In a musical career spanning more than seven decades, Hungarian-born vibraphonist and percussionist Tommy Vig
spent many productive years as a composer, arranger, performer, leader and sideman in the U.S.A., and planted his jazz flag in many precincts, from straight-ahead to semi-classical, avant-garde to atonal, He touches almost every base on Jazz Jazz
, recorded in his homeland as the Coronavirus pandemic finally waned. Some listeners may love the music, others may dislike it, while the majority may fall somewhere in between. Whatever the response, Vig does not seem to care. "It is jazz, the way I understand the word," he writes in the liner notes. "My current music is easy to misunderstand unless you listen to and understand the new notes and harmonies... Now, is the music good? That is another question. Honestly, I recorded my current CD for posterity... I leave these compositions for future generations to judge if they will even pay any attention to [them]... I do not have to please anyone. I just have to stay true to myself." And that he does.
Vig is backed on several tracks (it is hard to tell how many, but at least five) by the large MAV Band. Vig handles the vibraphone solos (and is listed on some numbers as "rhythm section"); David Murray
is the lone tenor soloist, and pianist Roger Kellaway
sits in (and solos) on two selections ("In Memory of Fats," "Veni"). The compositions are Vig's, opening with a handful of tributes including those to Fats Waller
, Thelonious Monk
, Dizzy Gillespie
, Ludwig van Beethoven and the Hungarian folk song, and closing with his monumental "Budapest 1956," honoring the Hungarian Revolution, which was set in motion by an invasion of the city that year by the Russian military. The work was commissioned and performed in 2006 by the Budapest Jazz Orchestra. A second homage to Beethoven borrows liberally from his awe-inspiring Symphony No. 9, as does Tribute No. 1.
Careful listeners may recognize phrases from their best-known compositions in the tributes to Monk, Dizzy and Fats too, with Vig putting brass, reeds and rhythm on full alert, as he does on most numbers. Even the Hungarian folk song, which opens gently behind Vig's vibes and Murray's tenor, is soon transformed into an ode to joy in which the full ensemble takes command and brings it home. Sandwiched between that and the second tribute to Beethoven are four of Vig's lively and brass-centric compositions, the first ("Puella") featuring Murray, the last ("Veni") pianist Kellaway. As befits his eclectic nature, Vig intersperses classical themes throughoutand even uses Glenn Miller's "American Patrol" as a melodic anchor for "Cantio."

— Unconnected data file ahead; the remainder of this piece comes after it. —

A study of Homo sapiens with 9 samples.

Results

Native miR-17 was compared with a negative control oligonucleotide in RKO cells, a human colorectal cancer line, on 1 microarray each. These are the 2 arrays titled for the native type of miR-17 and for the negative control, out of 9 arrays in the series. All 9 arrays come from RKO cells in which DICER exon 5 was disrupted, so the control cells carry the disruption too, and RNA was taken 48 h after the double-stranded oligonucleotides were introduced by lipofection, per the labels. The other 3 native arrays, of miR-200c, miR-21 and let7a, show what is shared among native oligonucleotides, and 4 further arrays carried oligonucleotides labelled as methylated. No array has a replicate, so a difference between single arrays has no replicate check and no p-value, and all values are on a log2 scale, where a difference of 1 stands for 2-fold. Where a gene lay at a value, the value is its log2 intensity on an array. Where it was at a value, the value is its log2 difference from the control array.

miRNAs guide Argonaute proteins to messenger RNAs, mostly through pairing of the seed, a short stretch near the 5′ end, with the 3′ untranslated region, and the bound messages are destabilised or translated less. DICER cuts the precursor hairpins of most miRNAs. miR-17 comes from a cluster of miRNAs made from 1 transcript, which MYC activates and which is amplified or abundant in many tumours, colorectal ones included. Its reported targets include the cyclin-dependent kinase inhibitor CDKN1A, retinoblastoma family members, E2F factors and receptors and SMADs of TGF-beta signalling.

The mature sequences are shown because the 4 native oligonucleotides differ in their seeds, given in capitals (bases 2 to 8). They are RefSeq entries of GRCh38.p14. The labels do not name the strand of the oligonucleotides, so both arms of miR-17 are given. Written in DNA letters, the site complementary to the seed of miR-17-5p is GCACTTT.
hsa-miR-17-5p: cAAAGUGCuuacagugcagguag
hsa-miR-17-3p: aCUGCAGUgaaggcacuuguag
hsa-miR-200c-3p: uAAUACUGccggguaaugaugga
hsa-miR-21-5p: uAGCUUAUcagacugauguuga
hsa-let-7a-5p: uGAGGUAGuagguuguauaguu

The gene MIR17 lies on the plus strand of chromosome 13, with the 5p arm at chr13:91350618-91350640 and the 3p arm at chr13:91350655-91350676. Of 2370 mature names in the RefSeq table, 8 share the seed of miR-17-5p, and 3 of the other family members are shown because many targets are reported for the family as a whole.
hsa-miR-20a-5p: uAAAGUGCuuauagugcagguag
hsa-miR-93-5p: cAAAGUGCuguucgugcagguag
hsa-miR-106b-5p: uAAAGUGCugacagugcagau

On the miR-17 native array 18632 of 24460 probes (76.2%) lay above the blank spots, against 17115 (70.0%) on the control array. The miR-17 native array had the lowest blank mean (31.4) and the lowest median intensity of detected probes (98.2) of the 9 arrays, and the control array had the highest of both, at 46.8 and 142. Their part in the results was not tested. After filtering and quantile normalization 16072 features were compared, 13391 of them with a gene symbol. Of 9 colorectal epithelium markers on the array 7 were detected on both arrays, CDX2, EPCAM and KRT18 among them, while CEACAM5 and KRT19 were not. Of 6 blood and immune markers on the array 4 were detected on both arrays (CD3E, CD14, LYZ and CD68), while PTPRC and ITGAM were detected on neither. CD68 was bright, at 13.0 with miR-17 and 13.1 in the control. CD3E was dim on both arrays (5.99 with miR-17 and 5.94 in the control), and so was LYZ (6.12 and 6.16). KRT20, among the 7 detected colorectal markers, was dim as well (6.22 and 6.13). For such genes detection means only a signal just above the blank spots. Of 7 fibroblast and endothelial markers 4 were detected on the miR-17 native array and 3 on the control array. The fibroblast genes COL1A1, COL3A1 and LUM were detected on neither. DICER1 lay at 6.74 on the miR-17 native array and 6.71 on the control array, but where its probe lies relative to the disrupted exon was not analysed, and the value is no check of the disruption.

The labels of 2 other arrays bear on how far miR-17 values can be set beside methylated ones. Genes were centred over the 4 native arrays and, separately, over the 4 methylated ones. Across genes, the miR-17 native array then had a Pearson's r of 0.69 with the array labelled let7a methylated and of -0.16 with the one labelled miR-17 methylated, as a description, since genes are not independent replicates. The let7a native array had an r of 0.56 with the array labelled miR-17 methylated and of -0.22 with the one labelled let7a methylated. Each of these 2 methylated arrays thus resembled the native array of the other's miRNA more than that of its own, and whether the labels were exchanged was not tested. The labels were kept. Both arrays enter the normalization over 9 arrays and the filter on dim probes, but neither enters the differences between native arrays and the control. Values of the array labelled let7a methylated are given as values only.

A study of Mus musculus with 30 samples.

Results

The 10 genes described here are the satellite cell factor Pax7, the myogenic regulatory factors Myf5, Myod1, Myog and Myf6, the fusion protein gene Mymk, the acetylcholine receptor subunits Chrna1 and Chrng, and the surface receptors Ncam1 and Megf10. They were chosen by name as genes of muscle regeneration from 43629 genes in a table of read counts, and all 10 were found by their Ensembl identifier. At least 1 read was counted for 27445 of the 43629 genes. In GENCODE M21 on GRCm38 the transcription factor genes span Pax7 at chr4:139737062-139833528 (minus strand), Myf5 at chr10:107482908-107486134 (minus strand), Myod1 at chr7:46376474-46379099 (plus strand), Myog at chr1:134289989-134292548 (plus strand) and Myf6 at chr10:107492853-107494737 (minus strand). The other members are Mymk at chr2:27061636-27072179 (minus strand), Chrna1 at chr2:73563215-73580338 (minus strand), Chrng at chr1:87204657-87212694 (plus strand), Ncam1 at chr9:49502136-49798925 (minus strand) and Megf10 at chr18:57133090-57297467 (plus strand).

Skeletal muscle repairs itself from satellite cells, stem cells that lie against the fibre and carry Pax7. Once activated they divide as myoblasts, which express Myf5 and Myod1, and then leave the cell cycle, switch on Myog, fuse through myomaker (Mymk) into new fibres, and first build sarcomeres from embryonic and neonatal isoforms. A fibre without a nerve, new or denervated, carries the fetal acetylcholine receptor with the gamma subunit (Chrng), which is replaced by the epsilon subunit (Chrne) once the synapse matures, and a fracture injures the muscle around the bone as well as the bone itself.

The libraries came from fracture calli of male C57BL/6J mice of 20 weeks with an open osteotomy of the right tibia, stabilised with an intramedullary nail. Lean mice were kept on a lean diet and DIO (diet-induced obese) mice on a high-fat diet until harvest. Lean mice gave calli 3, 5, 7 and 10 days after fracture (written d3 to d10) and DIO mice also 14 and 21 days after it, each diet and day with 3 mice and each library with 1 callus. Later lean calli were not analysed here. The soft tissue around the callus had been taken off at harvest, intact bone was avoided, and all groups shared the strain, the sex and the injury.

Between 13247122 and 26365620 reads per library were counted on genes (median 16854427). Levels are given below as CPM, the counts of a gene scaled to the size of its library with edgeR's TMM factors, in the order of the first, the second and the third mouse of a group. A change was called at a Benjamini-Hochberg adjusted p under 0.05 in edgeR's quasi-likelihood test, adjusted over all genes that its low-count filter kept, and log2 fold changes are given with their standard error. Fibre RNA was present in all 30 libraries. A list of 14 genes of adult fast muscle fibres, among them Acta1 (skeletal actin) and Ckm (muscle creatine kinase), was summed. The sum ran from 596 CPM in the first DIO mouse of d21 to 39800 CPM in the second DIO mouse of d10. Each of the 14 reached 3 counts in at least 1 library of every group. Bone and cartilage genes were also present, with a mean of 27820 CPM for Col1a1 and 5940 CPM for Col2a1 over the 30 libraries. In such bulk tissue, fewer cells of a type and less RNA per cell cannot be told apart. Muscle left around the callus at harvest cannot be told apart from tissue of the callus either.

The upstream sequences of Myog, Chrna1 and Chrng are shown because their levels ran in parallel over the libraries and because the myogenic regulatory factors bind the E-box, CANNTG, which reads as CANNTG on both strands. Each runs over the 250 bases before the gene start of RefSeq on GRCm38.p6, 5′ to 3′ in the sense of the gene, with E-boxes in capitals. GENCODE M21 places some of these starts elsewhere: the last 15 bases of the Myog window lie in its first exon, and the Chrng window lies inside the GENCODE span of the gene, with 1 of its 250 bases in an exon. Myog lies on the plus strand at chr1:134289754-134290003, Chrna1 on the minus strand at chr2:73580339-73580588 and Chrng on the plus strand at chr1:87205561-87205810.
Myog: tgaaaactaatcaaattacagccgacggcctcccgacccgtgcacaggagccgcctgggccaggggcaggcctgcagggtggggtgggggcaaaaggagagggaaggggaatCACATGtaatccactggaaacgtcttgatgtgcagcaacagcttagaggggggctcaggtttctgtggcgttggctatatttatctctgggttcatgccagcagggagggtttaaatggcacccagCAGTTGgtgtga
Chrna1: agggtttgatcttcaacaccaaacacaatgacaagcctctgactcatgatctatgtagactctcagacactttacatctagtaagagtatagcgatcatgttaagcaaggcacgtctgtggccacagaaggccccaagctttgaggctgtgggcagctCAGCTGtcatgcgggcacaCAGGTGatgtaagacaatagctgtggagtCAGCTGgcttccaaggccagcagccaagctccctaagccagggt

There are no solos on "Budapest 1956" whose ardent and powerful phrases summon to mind a solemn yet valorous event that altered the course of Hungarian and European history. Even so, its jazz roots are everywhere apparent as Vig paints a vibrant musical portrait of the incursion and its aftermath. This is the only selection on which a string section is used, and its presence is indispensable as Vig's graphic arrangement veers from impassive to explosive.
Vig is right, of course, when he writes that not everyone may be charmed by the music, as it is not an easy listen, even though the quality is high and the musicianship first-class. An audible drawback is the recording itself, whose overall sound is a tad too compressed and murky, dampening separation. As for Vig, at age eighty-three he keeps doing his thing, which is to write and perform the music that is dearest to his heart. If anyone cares to lend an ear, that is fine; if not, Vig believes that is fine too.
In Memory of Monk; In Memory of Dizzy; In Memory of Fats Waller; In Memory of Beethoven I.; In Memory of the Hungarian Folk Song; Puella; Cantiuncula; Desiderium; Cantio; Veni; In Memory of Beethoven II. (Sportos Beethoven); Budapest 1956.